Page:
Ask The Rabbi

Ask the Rabbi - 258

The Color of HeavenArtscroll

Ask the Rabbi

11 December 1999; Issue #258



Branches of Light

Contents

Paul Schreiber from N. Miami, FL wrote:

Dear Rabbi,

I own a seven-branched menorah for decorative purposes. A friend recently told me that this menorah should never be lit. Is this true and if so, why?


Dear Paul Schreiber,

The Torah commands that in the Holy Temple in Jerusalem there should be a seven-branched menorah, and that making such a menorah for private use is prohibited. Having six or eight branches is fine, so bring your menorah to a silversmith and add a branch, or take one off!

Sources:

  • Shulchan Aruch Yoreh De'ah 141:8
  • Numbers 8


Shades of Light

Contents

Shelby from Atlanta, GA wrote:

Dear Rabbi,

Hi! My close college friend is Jewish and resides in Montgomery, Alabama. She asked me to investigate if there is a particular tradition behind the colors of Chanukah candles sold in the retail stores. Or is it important that the candles be a certain color? I look forward to your reply.


Dear Shelby,

There's no tradition regarding the color of the candles; so any color is okay, even plaid! Actually, it is preferable to use olive oil lamps, to commemorate the miracle of the oil.

Please note that the small colored Chanukah candles aren't long enough to use on Friday, because the candles must be lit before sunset and must remain alight for a half hour after dark. This year, this applies both to the first day and the last day of Chanukah.


A Stitch In Time

Contents

Skip wrote:

Dear Rabbi,

I am doing a cross-stitch picture for a resident at a nursing home for Hanukkah and am curious as to what this means: "Nes Gadol Hayah Sham." Thank you.


Dear Skip,

It means "A great miracle happened there," referring to the miracle of the oil and the Jewish defeat of the ancient Greeks. Good luck with your picture. You are doing a wonderful mitzvah, a good deed of loving-kindness.


Old Menorahs Never Die

Contents

Arthur P. Katz from New Jersey wrote:

Dear Rabbi,

How do you properly dispose of a menorah you no longer want/need? (I bought a nicer one.)


Dear Arthur P. Katz,

Though an item not used directly for a mitzvah (such as a talit, without the tzitzit), may be discarded, it just should not be treated with disrespect. Why not give the Menorah to someone poor, who cannot afford one, or to a child?

Source:

  • Shulchan Aruch, Orach Chaim 21:2


The Public Domain
Comments, quibbles, and reactions concerning previous "Ask-the-Rabbi" features.

Contents

Re: Jericho Yiddle Riddle (Ask the Rabbi # 257):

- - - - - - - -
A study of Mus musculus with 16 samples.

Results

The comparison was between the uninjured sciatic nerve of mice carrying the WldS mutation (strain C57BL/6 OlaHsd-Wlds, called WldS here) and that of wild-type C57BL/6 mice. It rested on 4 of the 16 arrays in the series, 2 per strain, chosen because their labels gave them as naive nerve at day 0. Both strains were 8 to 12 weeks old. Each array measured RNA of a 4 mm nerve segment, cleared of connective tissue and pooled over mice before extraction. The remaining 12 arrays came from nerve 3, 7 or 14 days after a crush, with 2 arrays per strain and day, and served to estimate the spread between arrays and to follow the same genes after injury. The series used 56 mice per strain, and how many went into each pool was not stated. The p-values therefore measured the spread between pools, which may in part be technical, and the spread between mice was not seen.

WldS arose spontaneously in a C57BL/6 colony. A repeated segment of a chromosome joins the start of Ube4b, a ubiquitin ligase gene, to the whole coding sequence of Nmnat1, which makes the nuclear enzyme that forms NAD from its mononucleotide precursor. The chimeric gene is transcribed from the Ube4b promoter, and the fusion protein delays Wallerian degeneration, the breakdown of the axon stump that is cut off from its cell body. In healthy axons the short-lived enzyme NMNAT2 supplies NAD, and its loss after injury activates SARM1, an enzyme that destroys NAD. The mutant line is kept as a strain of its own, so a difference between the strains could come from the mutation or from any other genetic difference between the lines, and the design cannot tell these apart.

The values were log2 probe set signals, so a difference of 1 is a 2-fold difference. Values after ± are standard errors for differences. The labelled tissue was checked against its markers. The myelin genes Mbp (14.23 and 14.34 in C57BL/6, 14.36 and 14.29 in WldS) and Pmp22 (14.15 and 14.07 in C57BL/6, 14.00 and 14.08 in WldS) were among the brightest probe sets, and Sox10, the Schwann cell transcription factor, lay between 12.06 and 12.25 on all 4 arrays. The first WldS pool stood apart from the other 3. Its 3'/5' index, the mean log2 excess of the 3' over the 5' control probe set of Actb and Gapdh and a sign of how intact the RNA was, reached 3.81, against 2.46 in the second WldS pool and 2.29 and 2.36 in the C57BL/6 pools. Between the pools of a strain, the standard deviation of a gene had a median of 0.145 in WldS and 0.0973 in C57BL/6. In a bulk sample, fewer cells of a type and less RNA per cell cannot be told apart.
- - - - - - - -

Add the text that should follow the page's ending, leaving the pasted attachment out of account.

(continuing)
In answer to a recent Yiddle Riddle, you wrote that Joshua's troops encircled the city of Jericho 13 times. True, they marched around the city once a day for six days, and on the seventh day they marched around seven times. However, on the seventh day they encircled the city only once. To encircle means to encompass, envelope, enclose, etc. I surmised that the number of Israelites was sufficient to encompass the entirety of the city walls; thus, they had already encircled it the moment they got into formation to march.


Re: ChoppedLiver® (http://www.ohrnet.org//judaism/cartoons/cartoons.htm):

Congratulation on Ohr Somayach's ChoppedLiver® educational cartoons that you post on your Web Site. They are really great! I would like to publish them on our shul's billboard.

(Daniel Cohn, Uruguay)


Re: Art for Art's Sake ( http://www.ohrnet.org/seasons/5760/kislev.htm ):

I would like to ask for your permission to translate your beautiful Ohrnet article Art For Art's Sake (Kislev 5760) into Spanish, to be included in a newsletter for the members of our community, Sucath David, here in Buenos Aires. I don't know much about the Greeks and their art, but I frankly think this article is a piece of Jewish art which really deserves to be shown. Thank you, Ohr Somayach, for your great publications and the deep insights and teachings conveyed in them.

I wish you all the best, with Torah blessings!


Re: Triple Header (Parsha Q&A, Vayishlach):

In a recent Parsha quiz, you asked: "Who was born along with Binyamin?" and answered "His two twin sisters." With all due respect to the you, the two sisters born with Binyamin were not twins. Why not? Because they were part of a set of triplets!



© 1999 Ohr Somayach International - All rights reserved. This publication may be distributed to another person intact without prior permission. We also encourage you to include this material in other publications, such as synagogue newsletters. However, we ask that you contact us beforehand for permission, and then send us a sample issue.


This publication is available via E-Mail


Ohr Somayach Institutions is an international network of Yeshivot and outreach centers, with branches in North America, Europe, South Africa and South America. The Central Campus in Jerusalem provides a full range of educational services for over 685 full-time students.

The Jewish Learning Exchange (JLE) of Ohr Somayach offers summer and winter programs in Israel that attract hundreds of university students from around the world for 3 to 8 weeks of study and touring.

The Ohr Somayach Home Page is hosted by TeamGenesis
vj_bar.gif (1798 bytes)

Copyright © 1999 Ohr Somayach International. Send us feedback
Dedication opportunities are available for Ask The Rabbi. Please contact us for details.
Ohr Somayach International is a 501c3 not-for-profit corporation (letter on file) and your donation is tax deductable.